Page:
Data acquisition system
DTS (Diversified Technical Systems)
Seal Beach, CA

Aircraft impact testing and hard landing tests are an important part of research for understanding crash dynamics and improving occupant safety at NASA’s Langley Research Center in Hampton, VA. DTS small, onboard data acquisition systems (DAS) are used in many tests at Langley, since they are rugged enough to survive harsh impacts and still accurately deliver critical test data.

Technicians hoisted the 10,500-pound helicopter 30 feet into the air before dropping it at 30 mph. (Photo David C. Bowman)
In a recent test, a 45-foot-long CH-46E Sea Knight marine helicopter was dropped 30 feet at 30 miles an hour during the Transport Rotorcraft Airframe Crash Testbed (TRACT 2) full-scale crash test at Langley. The helicopter had 13 instrumented crash test manikins and two non-instrumented manikins onboard, along with DTS data acquisition systems. Cables hauled the helicopter fuselage into the air and then swung it to the ground, much like a pendulum. Just before impact, pyrotechnic devices released the suspension cables from the helicopter to allow free flight of the 10,500-pound fuselage and its “passengers.”

Crash test manikins designed to measure human injury and survivability were equipped with sensors and DTS TDAS G5 data acquisition systems to record test data. (Photo David C. Bowman)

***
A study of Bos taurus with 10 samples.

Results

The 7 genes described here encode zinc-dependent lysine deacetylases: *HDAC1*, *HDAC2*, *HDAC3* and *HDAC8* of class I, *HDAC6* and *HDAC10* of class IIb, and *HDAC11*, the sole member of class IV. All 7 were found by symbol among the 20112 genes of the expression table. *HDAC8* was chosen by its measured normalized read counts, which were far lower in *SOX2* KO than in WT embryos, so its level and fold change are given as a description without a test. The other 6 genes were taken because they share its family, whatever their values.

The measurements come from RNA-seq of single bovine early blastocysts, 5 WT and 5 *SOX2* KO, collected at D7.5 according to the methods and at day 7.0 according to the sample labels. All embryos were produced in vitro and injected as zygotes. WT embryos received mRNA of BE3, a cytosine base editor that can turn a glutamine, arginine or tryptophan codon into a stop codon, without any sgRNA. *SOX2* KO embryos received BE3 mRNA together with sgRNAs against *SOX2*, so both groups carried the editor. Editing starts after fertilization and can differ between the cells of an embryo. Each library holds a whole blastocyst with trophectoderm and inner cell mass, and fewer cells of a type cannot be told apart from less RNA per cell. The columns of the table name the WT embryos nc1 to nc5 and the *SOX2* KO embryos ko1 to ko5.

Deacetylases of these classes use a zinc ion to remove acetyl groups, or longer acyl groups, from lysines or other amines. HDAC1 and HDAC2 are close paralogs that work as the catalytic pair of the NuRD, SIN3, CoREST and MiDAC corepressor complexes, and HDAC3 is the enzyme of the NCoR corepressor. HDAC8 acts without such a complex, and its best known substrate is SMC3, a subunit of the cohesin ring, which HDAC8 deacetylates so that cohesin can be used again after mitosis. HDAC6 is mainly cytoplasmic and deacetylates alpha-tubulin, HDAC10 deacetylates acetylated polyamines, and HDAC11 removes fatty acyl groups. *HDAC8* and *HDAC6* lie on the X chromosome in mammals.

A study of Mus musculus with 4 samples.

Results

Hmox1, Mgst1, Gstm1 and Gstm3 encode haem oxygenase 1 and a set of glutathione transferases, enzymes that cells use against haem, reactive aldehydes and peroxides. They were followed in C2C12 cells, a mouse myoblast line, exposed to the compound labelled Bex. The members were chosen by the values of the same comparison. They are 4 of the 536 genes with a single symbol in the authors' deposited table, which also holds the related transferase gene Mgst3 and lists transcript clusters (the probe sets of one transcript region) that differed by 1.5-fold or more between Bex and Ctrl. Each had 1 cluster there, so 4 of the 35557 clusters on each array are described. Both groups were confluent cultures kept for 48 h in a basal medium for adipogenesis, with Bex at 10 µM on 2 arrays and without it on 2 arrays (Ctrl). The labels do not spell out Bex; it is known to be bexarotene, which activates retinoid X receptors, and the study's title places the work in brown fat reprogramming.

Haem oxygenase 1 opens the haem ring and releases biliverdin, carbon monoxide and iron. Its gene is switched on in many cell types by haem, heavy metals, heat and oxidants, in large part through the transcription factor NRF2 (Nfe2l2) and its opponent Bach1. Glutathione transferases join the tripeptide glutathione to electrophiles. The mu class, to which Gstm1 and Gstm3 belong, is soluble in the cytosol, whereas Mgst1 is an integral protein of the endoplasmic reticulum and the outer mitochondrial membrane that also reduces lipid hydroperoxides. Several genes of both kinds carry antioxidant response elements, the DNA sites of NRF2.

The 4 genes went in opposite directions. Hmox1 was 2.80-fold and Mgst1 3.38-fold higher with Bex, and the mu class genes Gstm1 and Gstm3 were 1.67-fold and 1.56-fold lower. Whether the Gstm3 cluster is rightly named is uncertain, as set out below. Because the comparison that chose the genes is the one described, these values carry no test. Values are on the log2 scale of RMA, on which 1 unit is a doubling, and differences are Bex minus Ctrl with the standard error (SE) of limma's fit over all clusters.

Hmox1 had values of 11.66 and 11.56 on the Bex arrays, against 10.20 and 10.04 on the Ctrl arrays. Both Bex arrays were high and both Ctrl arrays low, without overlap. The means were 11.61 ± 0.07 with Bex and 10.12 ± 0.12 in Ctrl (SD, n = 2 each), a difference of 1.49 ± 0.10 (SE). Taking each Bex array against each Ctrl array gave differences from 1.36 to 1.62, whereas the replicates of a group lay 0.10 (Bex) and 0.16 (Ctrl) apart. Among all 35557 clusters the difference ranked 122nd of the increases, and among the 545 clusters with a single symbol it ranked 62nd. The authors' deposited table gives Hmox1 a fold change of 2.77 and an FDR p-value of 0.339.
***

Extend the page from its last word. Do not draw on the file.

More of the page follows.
Nearly 40 cameras and 350 data channels recorded every move. Even the helicopter’s unusual black and white speckled paint job was part of a special camera technique called full field photogrammetry, designed to capture detailed movement. High-speed cameras filming 500 images per second track each dot so researchers can see exactly how the fuselage buckled, cracked, or collapsed under crash loads.

Currently, NASA uses DTS’s miniature onboard DAS at four different facilities for a wide variety of dynamic tests, including Orion space capsule re-entry splashdown testing, heavy payload and flight testing, aerobrake testing, and low-density supersonic decelerator testing for the next-generation Mars lander.